Preserving the Past for Our Future

Western University’s Professor Ron Martin focuses his lens on the story of our evolution.

 |  Transcript [PDF]

What we can capture with today’s photographic technology is astonishing: in an instant, we can freeze a moment in time and share it widely.

But for all the images that we produce using our cameras, there is a missing human element here. This is why preserving art is not just about archiving paintings – it’s about looking through the lens of real living people and remembering how humanity once saw the world.

Ron Martin, professor of chemistry at Western University, studies and preserves all sorts of historical material. Each of his projects looks at the deeper implications of how people lived and how their thoughts on the natural world evolved.

It turns out that we can tell a lot about what was important to an artist by looking at things as simple as use of colour. For instance, if red was the most expensive pigment, then we can look for where it was used to tease out important ideas, items, or people.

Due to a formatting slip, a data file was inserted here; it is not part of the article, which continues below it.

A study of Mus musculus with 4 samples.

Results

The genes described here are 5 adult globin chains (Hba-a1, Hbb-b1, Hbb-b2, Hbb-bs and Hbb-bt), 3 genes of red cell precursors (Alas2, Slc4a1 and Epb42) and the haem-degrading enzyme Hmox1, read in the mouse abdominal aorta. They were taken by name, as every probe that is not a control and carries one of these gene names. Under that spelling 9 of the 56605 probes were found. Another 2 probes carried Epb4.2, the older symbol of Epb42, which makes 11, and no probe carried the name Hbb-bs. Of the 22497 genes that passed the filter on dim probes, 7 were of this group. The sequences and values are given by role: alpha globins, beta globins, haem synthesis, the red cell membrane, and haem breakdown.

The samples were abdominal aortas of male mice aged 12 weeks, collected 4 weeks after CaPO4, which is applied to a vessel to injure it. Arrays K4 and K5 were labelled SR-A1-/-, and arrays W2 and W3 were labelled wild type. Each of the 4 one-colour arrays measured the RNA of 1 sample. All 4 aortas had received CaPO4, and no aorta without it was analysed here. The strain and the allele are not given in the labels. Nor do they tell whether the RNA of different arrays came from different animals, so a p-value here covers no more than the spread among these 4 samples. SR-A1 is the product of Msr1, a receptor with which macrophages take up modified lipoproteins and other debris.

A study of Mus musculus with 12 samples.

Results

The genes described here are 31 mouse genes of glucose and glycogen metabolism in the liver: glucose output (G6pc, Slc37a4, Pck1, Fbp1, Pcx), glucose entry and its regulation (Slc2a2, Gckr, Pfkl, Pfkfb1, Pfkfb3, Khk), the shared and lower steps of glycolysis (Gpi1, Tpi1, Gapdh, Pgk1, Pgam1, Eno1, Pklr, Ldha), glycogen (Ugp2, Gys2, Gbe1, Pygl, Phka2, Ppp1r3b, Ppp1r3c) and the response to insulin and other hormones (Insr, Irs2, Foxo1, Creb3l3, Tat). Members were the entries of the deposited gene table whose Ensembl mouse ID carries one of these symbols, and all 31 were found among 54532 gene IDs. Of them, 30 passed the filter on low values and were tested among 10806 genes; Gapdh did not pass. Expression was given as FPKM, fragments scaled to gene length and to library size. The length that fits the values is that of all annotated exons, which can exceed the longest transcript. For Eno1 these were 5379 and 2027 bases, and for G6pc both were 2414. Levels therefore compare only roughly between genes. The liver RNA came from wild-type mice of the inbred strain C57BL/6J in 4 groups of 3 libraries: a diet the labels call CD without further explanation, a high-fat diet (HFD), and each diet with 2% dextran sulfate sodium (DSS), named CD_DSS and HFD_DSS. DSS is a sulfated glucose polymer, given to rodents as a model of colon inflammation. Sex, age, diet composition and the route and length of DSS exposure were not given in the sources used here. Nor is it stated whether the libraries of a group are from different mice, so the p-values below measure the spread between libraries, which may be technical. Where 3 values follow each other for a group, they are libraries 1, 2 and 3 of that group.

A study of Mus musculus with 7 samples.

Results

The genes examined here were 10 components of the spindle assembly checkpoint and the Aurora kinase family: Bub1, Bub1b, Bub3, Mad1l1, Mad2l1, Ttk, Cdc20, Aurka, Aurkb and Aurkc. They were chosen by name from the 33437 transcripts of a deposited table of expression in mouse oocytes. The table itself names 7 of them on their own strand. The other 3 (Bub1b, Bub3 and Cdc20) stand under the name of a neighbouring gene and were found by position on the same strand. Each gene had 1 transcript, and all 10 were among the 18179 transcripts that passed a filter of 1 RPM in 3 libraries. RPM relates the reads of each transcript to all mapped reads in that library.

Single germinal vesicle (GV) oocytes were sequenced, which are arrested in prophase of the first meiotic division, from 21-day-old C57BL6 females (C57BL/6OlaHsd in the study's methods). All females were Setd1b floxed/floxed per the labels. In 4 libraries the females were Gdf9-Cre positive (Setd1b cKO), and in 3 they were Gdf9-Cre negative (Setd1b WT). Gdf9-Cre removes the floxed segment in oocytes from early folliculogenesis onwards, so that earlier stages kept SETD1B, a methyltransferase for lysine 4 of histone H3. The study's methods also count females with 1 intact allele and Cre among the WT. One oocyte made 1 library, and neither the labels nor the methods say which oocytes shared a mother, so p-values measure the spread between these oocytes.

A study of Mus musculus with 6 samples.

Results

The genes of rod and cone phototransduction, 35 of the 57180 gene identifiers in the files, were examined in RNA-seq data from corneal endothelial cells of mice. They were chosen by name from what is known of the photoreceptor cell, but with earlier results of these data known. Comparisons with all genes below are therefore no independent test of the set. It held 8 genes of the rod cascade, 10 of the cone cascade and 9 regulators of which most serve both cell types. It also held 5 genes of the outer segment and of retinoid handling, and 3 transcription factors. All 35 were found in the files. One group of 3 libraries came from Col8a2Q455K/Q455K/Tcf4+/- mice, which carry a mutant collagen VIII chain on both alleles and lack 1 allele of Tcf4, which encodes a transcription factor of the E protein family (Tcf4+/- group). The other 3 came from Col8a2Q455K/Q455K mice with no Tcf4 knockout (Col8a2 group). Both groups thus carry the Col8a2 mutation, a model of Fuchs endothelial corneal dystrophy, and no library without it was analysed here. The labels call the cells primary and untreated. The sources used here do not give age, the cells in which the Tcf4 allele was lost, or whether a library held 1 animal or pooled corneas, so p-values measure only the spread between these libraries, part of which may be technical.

Perhaps even more personal, Martin also studies the teeth of Peruvian mummies to uncover insights into their health and diet.

Martin explains, “Most people don’t know that there’s an annual ring formed on the outside of your tooth, and nobody knows why. But the trace element distribution changes. So when we get a tooth, we can tell if a person was exposed to a disease that compromised calcium, and we can tell what trace elements they’ve been eating.”

These archives record a rich history of what was important to our ancestors, and how they lived.